SAN JOSE, Calif. MoSys Inc. said Tuesday (Feb. 2) it will make memory chips using a novel high-speed interface for a broad range of networking and storage markets. The Bandwidth Engine is the first of a planned family of standard parts for the company that is expanding beyond its roots as a supplier of silicon cores.
The new chips will debut late this year using 65nm technology to offer densities of 576 Mbits. Using 16 ports of 10.3 Gbit/second serdes interfaces, they will deliver up to two billion memory accesses a second.
The chips will outrun today's 533 MHz reduced-latency DRAMs while using less than half the die area, power and cost, the company claimed. Indeed, one Bandwidth Engine chip aims to replace two or more RLDRAMs and quad-data-rate SRAMs used to handle statistics and decision tables in existing system designs.
By early 2013, the company hopes to use 28nm technology to deliver 2,304 Mbit chips delivering four billion accesses per second. The memory chips could feed ASICs and network processors in a broad range of routers, switches and storage networking systems rapidly shifting to 40 and 100 Gbit Ethernet.
"This could be a billion-dollar opportunity," said Dave DeMaria vice president of operations for MoSys. "It will take some time to ramp, but it's a long term business because these systems typically have ten-year lifecycles," he said.
That's a big target for a company on a current run rate to rack up a little more than $20 million in annual sales. MoSys has been posting losses for several quarters, in part due to its expenses developing the new product line.
"We wanted to go public with our plans so our shareholders can see we've been investing in this and changing our business model," DeMaria said.
MoSys will have to convince OEMs to rely on it for critical components. That will require creating a full eco-system of supporting vendors including ASIC, FPGA and tool vendors, something MoSys said is in the works.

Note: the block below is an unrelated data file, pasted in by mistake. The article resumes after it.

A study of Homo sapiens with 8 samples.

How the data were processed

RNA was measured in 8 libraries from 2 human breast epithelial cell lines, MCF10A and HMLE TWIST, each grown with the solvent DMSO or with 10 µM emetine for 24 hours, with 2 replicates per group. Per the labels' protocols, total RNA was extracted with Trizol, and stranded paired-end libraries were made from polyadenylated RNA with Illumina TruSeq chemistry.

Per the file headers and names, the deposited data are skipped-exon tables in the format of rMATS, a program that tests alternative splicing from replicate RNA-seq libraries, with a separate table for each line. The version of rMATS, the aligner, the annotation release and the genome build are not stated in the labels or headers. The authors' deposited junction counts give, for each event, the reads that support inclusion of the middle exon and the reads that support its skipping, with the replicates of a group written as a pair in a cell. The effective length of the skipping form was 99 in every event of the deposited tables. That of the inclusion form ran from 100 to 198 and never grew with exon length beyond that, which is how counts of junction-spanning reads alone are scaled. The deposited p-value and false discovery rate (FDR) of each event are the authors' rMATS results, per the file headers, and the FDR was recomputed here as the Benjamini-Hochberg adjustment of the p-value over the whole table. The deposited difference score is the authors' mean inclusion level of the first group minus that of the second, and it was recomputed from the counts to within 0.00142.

The company plans to create an ad hoc consortium supporting its so-called Gigachip Interface. The technology is based on the Common Electrical Interface defined by the Optical Internetworking Forum controlled by what MoSys described as a "very lightweight protocol" it has developed
"We looked at serial error detection and recovery protocols from PCI Express to Interlaken and decided for short reach point-to-point chip-to-memory, they all were carrying extra overhead we didn't need," said Michael Miller, vice president of technology innovation and systems applications at MoSys.
"We only need a handful of [vendor] companies to support [the protocol], and we believe we'll get their support," said DeMaria. "We can't say any OEMs are adopting it yet, but the initial response has been very positive," he said.
The transition to being a fabless semiconductor company started when former IDT head Len Perham took the helm at MoSys in early 2008. Perham sought ways to leverage the company's memory technology to address problems in networking he had become familiar with as chairman of chip designer NetLogic Microsystems.
In December 2008, MoSys exited the analog IP business and cut 90 employees. In June 2009, it acquired startup Prism Circuits for its 10 Gbit serdes technology needed to fuel its emerging memory-chip plan.